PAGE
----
In a recent post, we suggested that you Forget the CMS Star Ratings Debate and Focus on Quality Care. But that's not to suggest you should forget about the star ratings themselves. Today's consumers seek out — and attach great importance to comparative ratings that are reported by their peers (think Yelp®, TripAdvisor®, or even Amazon®). A 2018 report from Deloitte, Inside the patient journey: Three key touch points for consumer engagement strategies, reported that more consumers are using quality ratings than in previous years. We must assume the Centers for Medicare & Medicaid Services (CMS) star ratings will be an increasingly important resource for healthcare consumers in the future.
The Rise of NPS
Consumers are empowered in the digital marketplace to report on their experiences in endless surveys, and to share their pleasure or displeasure in real-time via social media. Because of this, it's no mystery that the Net Promoter Score (NPS) has seen such a rapid rise in adoption across industries, including healthcare.
The classic NPS question uses a rating scale of 0 (not at all likely) — 10 (extremely likely) and takes the form of, "How likely is it that you would recommend [organization/product/service] to a friend or colleague?" In the case of a hospital, those who rate the hospital 9 or 10 are considered Promoters. Those who rate the hospital 7 or 8 are considered Passives. Those who rate the hospital 0 — 6 are Detractors. Subtract the percentage of Detractors from the percentage of Promoters to get your NPS.
The Fall of NPS?
Of course, NPS has its own share of detractors. A Wall Street Journal article, published earlier this year, dismissed the measure as a "dubious management fad." A separate article in Strategy + Business claims that NPS is "past its prime." If you dig deeper, the primary objection of both articles is that NPS is often laden with meaning and interpretation far beyond the measure's intent or applicability. For example, the observation that many companies with a high NPS are financially successful has been twisted into meaning that the NPS is a measure of financial success. But correlation, as they say, does not imply causation.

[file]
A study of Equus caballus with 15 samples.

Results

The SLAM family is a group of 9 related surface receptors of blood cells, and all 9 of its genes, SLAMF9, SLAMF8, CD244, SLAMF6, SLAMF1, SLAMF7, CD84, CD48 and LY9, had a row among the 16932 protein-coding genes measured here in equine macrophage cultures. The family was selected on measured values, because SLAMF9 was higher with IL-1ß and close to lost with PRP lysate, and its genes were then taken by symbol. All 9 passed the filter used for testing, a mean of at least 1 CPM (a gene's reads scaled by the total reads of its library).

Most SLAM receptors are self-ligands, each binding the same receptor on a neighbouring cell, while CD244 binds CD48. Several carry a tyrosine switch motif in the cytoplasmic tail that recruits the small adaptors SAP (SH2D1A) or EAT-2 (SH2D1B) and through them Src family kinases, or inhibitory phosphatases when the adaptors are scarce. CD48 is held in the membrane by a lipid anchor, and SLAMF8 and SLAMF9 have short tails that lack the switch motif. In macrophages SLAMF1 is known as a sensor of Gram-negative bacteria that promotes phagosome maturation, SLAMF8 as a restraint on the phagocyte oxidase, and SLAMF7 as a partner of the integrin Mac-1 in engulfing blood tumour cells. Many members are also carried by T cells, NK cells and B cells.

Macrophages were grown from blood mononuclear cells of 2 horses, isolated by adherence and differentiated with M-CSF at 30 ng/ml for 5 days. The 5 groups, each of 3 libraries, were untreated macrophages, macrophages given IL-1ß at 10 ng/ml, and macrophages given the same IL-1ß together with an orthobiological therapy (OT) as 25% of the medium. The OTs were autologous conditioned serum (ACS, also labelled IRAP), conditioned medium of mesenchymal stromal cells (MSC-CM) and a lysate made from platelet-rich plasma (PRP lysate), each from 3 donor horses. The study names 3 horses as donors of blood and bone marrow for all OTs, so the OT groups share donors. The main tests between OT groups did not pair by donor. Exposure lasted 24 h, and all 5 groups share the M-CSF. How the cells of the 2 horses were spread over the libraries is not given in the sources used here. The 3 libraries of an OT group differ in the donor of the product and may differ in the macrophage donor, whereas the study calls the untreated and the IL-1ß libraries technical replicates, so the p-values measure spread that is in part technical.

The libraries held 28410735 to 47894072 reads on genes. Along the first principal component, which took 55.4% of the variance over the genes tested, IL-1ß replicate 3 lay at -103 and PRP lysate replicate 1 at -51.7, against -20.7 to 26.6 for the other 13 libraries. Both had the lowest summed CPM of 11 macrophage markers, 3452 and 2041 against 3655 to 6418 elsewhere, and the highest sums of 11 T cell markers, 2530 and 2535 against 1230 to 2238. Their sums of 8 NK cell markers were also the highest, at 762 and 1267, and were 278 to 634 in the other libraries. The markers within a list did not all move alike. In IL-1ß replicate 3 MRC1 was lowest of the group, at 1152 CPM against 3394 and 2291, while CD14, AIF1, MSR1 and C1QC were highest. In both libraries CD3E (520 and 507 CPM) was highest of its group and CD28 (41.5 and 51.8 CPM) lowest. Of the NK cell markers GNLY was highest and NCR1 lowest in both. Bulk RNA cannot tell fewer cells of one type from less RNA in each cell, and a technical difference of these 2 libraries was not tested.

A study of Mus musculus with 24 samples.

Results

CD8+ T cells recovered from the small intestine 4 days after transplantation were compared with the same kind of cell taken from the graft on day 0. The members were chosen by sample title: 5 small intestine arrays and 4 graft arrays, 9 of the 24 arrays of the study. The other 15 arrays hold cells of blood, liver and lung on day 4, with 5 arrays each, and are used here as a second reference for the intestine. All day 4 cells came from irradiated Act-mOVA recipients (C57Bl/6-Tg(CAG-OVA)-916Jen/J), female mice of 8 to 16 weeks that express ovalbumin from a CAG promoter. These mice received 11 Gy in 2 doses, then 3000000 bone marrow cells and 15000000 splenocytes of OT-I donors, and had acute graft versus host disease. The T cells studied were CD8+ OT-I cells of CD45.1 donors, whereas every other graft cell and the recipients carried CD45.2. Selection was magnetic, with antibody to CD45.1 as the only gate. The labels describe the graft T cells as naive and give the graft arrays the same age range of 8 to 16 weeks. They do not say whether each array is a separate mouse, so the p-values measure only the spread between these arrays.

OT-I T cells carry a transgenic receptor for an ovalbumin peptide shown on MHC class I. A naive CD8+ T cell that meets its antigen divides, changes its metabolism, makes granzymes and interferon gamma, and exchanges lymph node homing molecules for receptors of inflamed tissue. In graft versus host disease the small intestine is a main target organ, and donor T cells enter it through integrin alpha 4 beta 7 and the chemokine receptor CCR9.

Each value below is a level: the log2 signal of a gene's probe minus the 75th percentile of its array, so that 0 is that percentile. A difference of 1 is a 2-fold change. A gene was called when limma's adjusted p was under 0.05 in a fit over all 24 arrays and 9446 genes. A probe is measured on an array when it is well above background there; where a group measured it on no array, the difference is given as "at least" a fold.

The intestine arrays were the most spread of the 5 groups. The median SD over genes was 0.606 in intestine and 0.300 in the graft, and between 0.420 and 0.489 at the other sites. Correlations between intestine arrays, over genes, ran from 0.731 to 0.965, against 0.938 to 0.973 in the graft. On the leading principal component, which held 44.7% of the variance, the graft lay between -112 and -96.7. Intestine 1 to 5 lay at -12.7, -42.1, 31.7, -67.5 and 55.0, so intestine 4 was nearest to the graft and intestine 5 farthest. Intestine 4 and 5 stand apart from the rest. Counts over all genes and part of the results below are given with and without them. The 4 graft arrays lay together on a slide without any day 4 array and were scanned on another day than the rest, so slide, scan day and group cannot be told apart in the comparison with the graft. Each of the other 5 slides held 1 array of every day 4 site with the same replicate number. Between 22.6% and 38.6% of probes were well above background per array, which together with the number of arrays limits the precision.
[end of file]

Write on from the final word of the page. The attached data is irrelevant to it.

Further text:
Where NPS shines is in drawing an organization's focus to customer — or, in our case patient satisfaction. In recent years, healthcare has elevated the importance of patient satisfaction and dedicated significant resources to achieve it. How do you measure your progress? Well, that's exactly what NPS was designed to do! NPS can help you discern if your hospital's efforts to improve patient satisfaction are heading in the right direction. Plus, it's quick and simple.
NPS, HCAHPS and Star Ratings
On the Hospital Consumer Assessment of Healthcare Providers and Systems (HCAHPS) Survey, there are two questions similar to NPS, but different in important ways. The first uses the 0 — 10 rating scale and asks, "Using any number from 0 to 10, where 0 is the worst hospital possible and 10 is the best hospital possible, what number would you use to rate this hospital during your stay?" The second is a simple yes or no question: "Would you recommend this hospital to your friends and family?"
The answers to these two questions are used in the calculation of your hospital's star rating and are reported on the Hospital Compare website. So, it becomes fairly easy to see how the use of NPS at various points in your patients' journeys becomes an important early indicator of their satisfaction with your hospital, and an early indicator of where you should focus to improve the quality of care.
NPS and SmarteXp®
A patient engagement and activation platform, like UbiCare's SmarteXp® is a natural communications channel for the collection of NPS data, and we've incorporated NPS at regular intervals in our Infancy messaging series.
"At the point that a patient is highly engaged through our digital platform in an episode of care, we have an opportunity to take a pulse, so to speak, and provide our hospital partners with some real insight into how their patients might respond to the HCAHPS survey," UbiCare's CEO, Betsy Weaver, told me recently. "The platform is rich with actionable data, and the NPS score is just one element, but we believe our hospital partners will find this to be really valuable."
As you look for ways to engage your patients and improve their experience with your hospital, you may want to consider using NPS as an element of your strategy. With consumer trends pointing toward the increased importance of comparative ratings tools like Hospital Compare, those who take the early lead will find themselves with a critical advantage in an increasingly competitive marketplace.